Though better known for their movie camera's B&H made a number of stills cameras.
The Bell and Howell Electric Eye (introduced in 1959) has the distinction of being one of the first cameras to feature automatic exposure. It does this by a most ingeneous mechanism. A Selenuim (probably!) cell operates much like any classic light meter, but rather then driving a needle, it moves a finely balanced leaf of metal (the red stripes are visible inside the lens), which reduces the aperture. Insufficient light is signaled by the red flag in the huge viewfinder. Selecting either fast or slow film simply places a filter over the sensor.
This particular model is the "wide", which seems to be the most common. It works pretty well, being one of the more advanced 127 cameras. It includes a double exposure lock, and a "peg and screw" flash accessory.
Kent Nunamaker is our resident expert on this camera, and he passed in the following info:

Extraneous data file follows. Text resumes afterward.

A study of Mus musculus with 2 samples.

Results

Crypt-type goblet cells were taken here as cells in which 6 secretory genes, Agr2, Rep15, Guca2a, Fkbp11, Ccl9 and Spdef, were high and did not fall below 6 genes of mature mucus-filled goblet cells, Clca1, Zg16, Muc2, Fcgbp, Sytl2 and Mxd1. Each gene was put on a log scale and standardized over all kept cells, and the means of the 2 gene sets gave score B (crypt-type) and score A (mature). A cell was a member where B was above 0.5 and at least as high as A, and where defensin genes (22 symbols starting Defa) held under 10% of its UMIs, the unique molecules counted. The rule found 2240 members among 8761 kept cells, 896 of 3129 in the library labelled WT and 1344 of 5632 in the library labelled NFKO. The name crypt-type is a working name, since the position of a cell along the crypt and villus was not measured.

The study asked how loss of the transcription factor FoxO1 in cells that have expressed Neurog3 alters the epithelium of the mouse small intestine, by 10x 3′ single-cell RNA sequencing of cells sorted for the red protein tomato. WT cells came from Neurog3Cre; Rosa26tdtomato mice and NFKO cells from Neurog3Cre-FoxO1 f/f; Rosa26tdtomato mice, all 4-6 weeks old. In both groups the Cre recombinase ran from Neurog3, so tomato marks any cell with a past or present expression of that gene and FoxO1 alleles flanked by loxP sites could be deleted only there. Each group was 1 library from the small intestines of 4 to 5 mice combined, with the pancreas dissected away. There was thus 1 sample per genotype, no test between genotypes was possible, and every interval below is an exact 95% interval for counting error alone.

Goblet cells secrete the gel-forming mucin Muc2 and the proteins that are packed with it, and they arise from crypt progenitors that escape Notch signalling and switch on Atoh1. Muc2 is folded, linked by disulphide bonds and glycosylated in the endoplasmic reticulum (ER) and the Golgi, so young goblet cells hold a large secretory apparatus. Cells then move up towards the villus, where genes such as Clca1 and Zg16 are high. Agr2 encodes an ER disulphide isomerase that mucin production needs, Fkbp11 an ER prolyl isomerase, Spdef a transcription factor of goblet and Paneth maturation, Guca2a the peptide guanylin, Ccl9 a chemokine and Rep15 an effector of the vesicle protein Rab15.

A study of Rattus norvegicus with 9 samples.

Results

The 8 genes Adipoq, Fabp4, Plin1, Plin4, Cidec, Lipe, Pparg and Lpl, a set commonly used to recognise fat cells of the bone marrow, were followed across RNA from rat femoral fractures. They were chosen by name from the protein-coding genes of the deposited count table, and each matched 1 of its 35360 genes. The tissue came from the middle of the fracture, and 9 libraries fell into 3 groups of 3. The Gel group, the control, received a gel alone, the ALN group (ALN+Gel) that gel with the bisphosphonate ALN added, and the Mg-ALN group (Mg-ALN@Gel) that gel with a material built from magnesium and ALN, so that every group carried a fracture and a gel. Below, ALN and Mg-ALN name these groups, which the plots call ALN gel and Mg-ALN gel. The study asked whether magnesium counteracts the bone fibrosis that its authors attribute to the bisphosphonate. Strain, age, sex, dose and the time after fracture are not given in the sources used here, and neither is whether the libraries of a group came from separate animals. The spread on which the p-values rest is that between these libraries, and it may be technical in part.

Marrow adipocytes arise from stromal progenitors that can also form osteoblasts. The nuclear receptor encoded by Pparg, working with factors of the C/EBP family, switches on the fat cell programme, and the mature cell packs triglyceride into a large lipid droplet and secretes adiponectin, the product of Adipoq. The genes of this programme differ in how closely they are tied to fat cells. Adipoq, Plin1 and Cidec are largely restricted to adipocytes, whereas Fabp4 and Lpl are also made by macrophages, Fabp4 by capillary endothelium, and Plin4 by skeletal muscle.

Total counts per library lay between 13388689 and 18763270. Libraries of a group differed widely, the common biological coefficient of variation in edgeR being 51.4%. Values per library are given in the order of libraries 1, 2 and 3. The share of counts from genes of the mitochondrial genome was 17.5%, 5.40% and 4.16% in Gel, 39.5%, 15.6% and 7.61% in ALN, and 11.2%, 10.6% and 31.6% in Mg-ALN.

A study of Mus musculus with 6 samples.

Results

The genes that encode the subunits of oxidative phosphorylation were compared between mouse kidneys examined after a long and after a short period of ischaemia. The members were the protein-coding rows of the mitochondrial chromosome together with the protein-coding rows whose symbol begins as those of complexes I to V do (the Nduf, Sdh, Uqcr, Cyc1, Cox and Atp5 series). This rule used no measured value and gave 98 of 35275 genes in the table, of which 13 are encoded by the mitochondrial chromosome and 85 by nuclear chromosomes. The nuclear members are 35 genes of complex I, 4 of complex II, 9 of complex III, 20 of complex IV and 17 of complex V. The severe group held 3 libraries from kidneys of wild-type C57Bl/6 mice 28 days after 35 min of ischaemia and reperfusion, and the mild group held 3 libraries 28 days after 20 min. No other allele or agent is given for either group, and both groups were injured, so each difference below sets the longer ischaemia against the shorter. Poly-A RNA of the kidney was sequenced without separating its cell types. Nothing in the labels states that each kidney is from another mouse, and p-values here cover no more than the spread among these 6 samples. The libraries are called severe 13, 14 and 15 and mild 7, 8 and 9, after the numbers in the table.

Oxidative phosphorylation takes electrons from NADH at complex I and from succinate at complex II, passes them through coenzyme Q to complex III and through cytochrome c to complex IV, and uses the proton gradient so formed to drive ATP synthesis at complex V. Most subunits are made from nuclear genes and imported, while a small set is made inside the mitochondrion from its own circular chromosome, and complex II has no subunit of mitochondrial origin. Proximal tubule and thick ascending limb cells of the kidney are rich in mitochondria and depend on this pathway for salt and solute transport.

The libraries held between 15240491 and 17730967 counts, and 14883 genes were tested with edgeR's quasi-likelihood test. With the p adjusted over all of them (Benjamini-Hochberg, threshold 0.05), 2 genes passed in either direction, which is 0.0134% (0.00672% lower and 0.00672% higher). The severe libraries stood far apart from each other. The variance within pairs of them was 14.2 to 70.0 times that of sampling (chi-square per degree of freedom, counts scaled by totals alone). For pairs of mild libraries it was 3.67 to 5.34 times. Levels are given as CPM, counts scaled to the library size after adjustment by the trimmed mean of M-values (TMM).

On the top left of the viewfinder is a rocker switch. Pushing it forward brings up a red dot; this sets the meter for slower films like Kodachrome, Ektachrome, and Kodacolor which in those days would have been ASA 25 - 32. Pushing the switch back brings up a white dot which sets it for faster films like Super Anscochrome and Verichrome Pan, ASA 64 - 80.
Now, if you lift up the nameplate on the front of the camera, you'll find a manual override normally used for flash but can be used for manual exposures. However, I think if the light is bright (sunlight) the meter may still control the aperture. When the symbol EIE lines up with the yellow arrows, the camera is fully automatic. When you slide the thingie to the left, 'til the red arrow lines up with the red 13, that should be f/8. Number 6= f/11. And number 3= f/16. The numbers in between should be half stops. We estimate that the shutter is between 1/50th and 1/100th.
If you'd like to use filters, I've found the same 31.5mm series V or series VI push on filter adapter that fits my Diana lens, if tweeked a little, will push into the ring around the lens. Lots of older camera stores still have series filters and adapters laying around in drawers, and will probably be very happy to sell them at almost any price. I hope this gives some ideas to anyone lucky enough to have one of these neat cameras.